Book review: Tidelines by Sarah Sasson

Saturday, January 20, 2024 Permalink

Tidelines by Sarah Sasson is an eerily poignant read as it opens after a tragedy then goes back into the past, beguiling readers with the story of siblings; knowing that all does not end well, but intrigued as to how we get there.

As someone who grew up with a high-achieving older brother I could very much relate to young ‘Grub’ here. Elijah is admired and respected by his peers and adults, including their parents. He’s athletic and a talented musician – deemed for greatness. Grub lives in his shadow and conscious of that, but at the same time, not jealous or envious (rather, proud… but at the same time aware of the flaws others might not see).


Book review: Wild Place by Christian White

Tuesday, October 26, 2021 Permalink

I saw Christian White speak at the Sydney BAD Crime Writers Festival in late 2019 after his debut book, The Nowhere Child was well received by critics and readers alike (not that I’m implying there’s no overlap between the two!). After hearing him talk about the appearance of snakes in the book I gave it a miss (as I’m quite phobic) but very much enjoyed his twisty second book, The Wife and the Widow.

It was only when I started reading promotional material for his latest release, Wild Place, that I discovered White also created the Netflix TV series Clickbait.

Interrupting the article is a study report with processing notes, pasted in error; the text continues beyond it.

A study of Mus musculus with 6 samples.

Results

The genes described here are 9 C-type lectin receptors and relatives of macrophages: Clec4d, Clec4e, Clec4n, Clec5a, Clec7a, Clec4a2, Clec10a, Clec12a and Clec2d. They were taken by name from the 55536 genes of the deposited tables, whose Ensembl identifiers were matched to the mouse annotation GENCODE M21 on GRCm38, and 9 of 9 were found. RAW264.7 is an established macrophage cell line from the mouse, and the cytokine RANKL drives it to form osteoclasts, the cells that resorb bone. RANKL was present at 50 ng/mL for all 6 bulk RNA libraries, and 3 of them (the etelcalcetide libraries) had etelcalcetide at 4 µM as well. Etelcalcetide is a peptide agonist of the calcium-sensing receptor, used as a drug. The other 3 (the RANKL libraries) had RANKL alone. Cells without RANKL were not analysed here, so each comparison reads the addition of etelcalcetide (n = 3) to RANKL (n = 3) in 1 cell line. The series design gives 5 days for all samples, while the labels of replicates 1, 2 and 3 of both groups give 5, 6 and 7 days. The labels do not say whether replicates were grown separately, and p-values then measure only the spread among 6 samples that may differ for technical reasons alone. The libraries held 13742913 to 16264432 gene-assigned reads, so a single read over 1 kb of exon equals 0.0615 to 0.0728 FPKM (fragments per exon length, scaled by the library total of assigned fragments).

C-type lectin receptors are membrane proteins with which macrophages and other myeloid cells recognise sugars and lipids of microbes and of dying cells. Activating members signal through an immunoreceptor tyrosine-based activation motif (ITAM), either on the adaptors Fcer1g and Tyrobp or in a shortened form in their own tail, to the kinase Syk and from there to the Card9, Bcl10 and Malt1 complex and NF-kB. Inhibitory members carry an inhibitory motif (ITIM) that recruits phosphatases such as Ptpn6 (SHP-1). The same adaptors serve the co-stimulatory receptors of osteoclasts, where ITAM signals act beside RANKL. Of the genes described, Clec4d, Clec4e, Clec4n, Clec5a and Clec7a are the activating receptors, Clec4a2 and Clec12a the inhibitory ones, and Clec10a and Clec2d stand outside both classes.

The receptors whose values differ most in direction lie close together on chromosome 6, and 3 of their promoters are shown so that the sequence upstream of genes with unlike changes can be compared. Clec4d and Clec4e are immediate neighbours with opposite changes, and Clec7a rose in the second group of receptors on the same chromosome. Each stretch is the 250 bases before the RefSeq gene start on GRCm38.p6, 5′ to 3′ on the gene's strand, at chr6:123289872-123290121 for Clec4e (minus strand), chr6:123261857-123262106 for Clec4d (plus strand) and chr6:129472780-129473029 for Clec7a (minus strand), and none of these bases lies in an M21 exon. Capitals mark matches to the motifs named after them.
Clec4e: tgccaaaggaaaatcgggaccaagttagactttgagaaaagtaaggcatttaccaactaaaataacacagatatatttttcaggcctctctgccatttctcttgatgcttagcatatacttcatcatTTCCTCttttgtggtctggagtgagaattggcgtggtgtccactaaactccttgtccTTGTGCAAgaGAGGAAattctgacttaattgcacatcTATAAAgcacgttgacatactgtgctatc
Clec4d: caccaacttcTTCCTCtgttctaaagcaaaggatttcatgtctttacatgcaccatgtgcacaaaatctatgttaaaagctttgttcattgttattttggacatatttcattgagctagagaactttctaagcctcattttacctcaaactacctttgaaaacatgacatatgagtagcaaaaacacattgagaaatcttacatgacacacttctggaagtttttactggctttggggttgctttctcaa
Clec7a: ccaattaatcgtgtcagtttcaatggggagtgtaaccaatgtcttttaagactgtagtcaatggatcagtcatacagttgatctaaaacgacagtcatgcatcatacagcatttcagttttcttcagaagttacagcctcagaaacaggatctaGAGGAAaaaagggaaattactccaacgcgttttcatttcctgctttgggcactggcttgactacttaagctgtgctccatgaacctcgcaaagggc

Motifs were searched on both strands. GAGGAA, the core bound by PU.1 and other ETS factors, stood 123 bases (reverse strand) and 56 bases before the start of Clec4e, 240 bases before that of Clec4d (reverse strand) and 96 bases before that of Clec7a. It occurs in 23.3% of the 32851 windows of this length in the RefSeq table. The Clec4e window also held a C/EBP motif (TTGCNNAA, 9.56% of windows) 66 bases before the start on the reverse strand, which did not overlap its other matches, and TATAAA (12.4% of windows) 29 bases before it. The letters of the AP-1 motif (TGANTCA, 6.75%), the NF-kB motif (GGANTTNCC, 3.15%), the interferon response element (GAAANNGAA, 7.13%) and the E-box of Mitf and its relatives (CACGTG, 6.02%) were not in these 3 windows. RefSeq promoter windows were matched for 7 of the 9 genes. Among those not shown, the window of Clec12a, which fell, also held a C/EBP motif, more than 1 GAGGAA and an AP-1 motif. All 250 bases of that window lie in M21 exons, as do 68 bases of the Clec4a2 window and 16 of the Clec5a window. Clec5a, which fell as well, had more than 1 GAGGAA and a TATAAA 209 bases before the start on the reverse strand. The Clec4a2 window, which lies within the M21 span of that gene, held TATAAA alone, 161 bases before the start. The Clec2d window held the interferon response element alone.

Book review: The Wife and the Widow by Christian White

Thursday, November 7, 2019 Permalink

Christian’s White’s The Nowhere Child was extremely well received when released in 2018. I didn’t read it at the time and heard White speak about it at the BAD Sydney Crime Writers’ Festival in early September. I liked the premise so decided I’d buy a copy there.

Then however White commented on the fact he’d set it in a certain place in America as it was the only place they still trained snake charmers (or something). I asked someone if snakes really did feature in the novel. They laughed when I said I was phobic, but it seriously turned me off reading it. Though I’m sure I would have enjoyed it.

His second novel, The Wife and the Widow offers no snakes. It’s extremely twisty though and has a mid-way surprise to rival that of Clare Mackintosh’s fabulous I Let You Go.